Mortgage Time

17 Jun
Fed Lowers Forecasts
Over the past week, mortgage rates were helped by Wednesday’s dovish Fed statement and concerns about the upcoming British vote on leaving the European Union. There was little reaction to the recent economic data. As a result, mortgage rates ended the week near the best levels of the year.
The Fed statement and Fed Chair Yellen’s press conference proceeded pretty much as expected. The Fed made no change in the federal funds rate. Investors mostly focused on the projections from Fed officials for the path of rate hikes in coming years which showed a significantly slower pace than the last set of projections made three months ago. Little new information was provided about the timing of the next rate hike. The dovish tone of the statement was positive for mortgage rates.

After several months of disappointing readings, retail sales have bounced back strongly with three straight months of nice gains. Consumer spending accounts for about 70% of economic output in the U.S., and the retail sales data is a key indicator. Consumer spending increased at just a 1.9% annual rate during the first quarter of 2016.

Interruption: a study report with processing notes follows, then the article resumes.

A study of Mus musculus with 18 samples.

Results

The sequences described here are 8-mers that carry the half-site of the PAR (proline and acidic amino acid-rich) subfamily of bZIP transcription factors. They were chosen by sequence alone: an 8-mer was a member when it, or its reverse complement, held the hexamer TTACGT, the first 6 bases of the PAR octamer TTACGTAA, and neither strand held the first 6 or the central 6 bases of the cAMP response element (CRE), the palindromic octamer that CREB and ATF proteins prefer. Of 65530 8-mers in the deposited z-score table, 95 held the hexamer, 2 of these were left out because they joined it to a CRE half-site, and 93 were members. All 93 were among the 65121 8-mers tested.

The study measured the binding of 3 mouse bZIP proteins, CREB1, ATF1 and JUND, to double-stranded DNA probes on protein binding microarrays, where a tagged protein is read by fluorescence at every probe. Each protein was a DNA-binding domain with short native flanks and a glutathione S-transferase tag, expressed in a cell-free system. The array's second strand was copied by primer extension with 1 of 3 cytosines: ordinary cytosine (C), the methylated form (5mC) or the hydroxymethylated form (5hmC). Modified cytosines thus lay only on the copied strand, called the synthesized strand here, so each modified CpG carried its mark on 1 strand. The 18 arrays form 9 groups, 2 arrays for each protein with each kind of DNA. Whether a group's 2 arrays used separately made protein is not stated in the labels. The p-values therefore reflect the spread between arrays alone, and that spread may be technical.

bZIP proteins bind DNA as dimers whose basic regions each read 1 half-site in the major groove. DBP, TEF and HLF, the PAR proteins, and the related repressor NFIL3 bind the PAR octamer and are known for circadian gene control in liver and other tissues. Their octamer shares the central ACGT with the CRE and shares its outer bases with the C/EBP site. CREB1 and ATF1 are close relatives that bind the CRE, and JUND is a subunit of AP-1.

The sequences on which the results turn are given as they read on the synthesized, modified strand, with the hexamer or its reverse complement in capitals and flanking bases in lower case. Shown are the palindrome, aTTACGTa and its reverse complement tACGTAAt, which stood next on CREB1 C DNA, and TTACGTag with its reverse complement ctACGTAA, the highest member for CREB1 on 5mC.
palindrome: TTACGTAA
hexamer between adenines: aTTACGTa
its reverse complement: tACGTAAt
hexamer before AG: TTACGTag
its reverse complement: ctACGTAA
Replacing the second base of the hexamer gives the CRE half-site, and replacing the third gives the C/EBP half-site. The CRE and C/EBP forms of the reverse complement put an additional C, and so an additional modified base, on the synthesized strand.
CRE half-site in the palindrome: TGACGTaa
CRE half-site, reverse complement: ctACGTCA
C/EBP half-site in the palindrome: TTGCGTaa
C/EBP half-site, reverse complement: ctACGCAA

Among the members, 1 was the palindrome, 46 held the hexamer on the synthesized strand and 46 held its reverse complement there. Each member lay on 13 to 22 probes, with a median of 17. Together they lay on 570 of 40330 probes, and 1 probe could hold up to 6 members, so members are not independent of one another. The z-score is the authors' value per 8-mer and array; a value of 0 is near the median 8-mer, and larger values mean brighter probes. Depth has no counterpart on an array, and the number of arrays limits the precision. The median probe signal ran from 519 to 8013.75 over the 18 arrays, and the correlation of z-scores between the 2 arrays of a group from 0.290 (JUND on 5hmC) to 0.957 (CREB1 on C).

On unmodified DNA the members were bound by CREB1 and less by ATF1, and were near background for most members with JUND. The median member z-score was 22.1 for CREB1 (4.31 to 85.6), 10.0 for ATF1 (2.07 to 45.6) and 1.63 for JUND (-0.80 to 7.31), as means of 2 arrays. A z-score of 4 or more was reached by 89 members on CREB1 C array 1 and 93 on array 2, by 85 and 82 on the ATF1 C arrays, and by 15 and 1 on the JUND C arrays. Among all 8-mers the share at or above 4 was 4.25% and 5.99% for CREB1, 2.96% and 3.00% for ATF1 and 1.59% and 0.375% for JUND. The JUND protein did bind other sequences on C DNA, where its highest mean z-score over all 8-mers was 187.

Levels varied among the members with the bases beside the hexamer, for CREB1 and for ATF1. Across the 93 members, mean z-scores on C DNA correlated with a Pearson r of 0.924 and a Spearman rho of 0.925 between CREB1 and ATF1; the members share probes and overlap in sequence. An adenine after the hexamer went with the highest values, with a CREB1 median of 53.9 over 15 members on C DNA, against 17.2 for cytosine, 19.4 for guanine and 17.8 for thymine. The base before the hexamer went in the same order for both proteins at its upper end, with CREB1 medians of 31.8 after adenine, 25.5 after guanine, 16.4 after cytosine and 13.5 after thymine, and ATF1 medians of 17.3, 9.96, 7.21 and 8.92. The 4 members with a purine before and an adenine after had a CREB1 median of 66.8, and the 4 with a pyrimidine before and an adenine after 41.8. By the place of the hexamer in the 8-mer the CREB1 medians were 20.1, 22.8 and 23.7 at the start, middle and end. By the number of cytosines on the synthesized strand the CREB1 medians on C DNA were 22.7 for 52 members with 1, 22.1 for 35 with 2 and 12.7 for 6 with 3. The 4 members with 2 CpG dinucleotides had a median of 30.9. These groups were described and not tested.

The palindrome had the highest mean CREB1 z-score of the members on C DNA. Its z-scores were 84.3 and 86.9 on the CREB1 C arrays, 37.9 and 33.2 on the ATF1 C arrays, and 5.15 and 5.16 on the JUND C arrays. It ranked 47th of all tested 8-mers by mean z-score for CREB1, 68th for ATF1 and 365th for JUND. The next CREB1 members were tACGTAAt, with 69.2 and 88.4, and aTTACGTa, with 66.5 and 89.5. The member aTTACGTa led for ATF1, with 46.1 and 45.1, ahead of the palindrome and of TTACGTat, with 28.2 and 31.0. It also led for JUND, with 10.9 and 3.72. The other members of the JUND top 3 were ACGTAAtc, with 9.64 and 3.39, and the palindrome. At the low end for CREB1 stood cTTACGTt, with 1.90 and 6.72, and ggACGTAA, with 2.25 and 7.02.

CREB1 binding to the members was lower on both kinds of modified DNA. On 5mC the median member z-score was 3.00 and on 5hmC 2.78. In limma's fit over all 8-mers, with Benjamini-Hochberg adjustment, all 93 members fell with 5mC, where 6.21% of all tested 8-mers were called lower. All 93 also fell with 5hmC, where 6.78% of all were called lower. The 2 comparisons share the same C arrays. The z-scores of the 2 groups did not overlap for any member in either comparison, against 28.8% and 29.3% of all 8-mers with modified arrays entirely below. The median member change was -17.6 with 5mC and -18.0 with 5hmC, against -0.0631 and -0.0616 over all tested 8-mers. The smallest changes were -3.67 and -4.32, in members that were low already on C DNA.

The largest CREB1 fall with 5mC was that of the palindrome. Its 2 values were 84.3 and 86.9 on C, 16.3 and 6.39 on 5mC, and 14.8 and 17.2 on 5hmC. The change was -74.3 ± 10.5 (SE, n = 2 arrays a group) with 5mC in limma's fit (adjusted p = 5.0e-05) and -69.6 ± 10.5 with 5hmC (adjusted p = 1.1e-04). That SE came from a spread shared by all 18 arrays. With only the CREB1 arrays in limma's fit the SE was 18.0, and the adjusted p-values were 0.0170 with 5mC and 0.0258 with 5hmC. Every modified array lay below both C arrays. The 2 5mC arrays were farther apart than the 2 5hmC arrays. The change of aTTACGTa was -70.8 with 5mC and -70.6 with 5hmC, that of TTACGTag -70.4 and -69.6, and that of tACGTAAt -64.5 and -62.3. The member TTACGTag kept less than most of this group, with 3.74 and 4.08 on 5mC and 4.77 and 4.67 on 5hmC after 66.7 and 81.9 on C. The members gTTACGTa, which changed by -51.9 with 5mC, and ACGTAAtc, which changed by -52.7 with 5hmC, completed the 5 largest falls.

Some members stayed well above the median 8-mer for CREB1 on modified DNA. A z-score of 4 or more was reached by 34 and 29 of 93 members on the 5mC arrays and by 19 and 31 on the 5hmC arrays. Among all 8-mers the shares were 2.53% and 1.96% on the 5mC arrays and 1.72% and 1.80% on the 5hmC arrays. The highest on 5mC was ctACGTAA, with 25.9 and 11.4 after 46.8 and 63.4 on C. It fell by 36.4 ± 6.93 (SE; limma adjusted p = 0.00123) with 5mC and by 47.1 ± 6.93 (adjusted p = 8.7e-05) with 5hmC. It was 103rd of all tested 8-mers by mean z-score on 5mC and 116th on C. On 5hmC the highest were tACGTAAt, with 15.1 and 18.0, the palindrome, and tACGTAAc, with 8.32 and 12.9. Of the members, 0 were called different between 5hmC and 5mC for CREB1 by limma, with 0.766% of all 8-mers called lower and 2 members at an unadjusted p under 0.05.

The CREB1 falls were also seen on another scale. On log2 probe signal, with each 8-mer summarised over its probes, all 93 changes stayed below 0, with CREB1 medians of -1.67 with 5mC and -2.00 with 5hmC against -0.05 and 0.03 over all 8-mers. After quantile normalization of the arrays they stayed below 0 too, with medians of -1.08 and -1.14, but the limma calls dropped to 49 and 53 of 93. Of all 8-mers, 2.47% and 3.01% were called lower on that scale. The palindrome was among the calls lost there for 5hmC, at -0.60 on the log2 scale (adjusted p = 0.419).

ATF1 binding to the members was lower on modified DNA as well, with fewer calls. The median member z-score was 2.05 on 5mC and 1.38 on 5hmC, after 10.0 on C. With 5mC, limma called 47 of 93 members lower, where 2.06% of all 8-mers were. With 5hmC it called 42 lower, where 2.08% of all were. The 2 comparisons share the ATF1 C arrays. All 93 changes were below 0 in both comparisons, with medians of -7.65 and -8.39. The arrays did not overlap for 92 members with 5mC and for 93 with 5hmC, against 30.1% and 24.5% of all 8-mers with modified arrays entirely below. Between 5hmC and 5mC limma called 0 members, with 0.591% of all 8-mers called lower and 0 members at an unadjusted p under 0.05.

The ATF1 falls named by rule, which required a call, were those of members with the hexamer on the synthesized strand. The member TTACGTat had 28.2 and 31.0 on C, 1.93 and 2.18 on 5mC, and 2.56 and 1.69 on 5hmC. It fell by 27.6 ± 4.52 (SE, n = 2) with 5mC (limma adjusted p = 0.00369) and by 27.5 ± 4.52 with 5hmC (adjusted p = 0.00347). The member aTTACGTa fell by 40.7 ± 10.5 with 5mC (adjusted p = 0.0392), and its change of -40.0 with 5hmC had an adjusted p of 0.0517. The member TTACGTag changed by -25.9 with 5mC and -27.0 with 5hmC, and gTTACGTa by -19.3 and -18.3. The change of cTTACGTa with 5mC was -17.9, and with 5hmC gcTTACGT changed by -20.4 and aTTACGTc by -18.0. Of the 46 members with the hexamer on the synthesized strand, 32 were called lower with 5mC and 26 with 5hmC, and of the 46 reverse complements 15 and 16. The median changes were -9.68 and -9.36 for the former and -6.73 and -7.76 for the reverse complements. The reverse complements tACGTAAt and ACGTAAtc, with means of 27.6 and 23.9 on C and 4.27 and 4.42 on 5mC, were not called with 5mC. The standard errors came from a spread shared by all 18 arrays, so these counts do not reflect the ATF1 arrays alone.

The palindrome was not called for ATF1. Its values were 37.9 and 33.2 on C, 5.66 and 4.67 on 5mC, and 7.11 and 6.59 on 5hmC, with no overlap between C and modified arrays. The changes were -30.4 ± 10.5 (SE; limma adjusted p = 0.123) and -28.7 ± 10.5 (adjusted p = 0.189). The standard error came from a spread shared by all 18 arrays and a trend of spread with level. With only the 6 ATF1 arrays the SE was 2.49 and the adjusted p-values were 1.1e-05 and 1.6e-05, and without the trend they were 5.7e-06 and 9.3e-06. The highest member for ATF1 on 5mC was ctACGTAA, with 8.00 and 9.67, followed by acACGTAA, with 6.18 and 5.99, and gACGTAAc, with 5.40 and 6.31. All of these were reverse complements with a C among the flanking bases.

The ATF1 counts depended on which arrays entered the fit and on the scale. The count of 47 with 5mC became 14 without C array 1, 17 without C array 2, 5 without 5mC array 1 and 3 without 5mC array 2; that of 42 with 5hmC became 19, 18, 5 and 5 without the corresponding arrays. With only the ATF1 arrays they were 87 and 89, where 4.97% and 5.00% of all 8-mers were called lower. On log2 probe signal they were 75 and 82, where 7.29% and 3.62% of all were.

Following the most recent results, economists estimate that consumer spending is increasing at a 3% to 4% annual rate during the second quarter, leading to higher forecasts for second quarter GDP growth.
The most recent inflation reading, the consumer price index (CPI), reported that core inflation in May was 2.2% higher than a year ago. Core inflation, which excludes the volatile food and energy components, has held steady near this level for several months. During most of 2015, the readings for core inflation were closer to 1.5%.
Looking ahead, the main influence on U.S. mortgage rates is likely to be the "Brexit" vote on Thursday. Due to the economic uncertainty which would result, a vote for the UK to exit the European Union is expected to be positive for U.S. mortgage rates, while a vote to remain would be negative. Polling data released during the week could increase daily volatility. The major U.S. economic reports which will be released next week include existing home sales, new home sales, and durable orders.

>> View the Newsletter online: http://www.mbsquoteline.com/newsletter/view/208/21342/0/3

The views expressed are my own and do not necessarily reflect the views of my employer.

Visit my website at: www.juliecnichols.com or contact me with any of your home loan questions.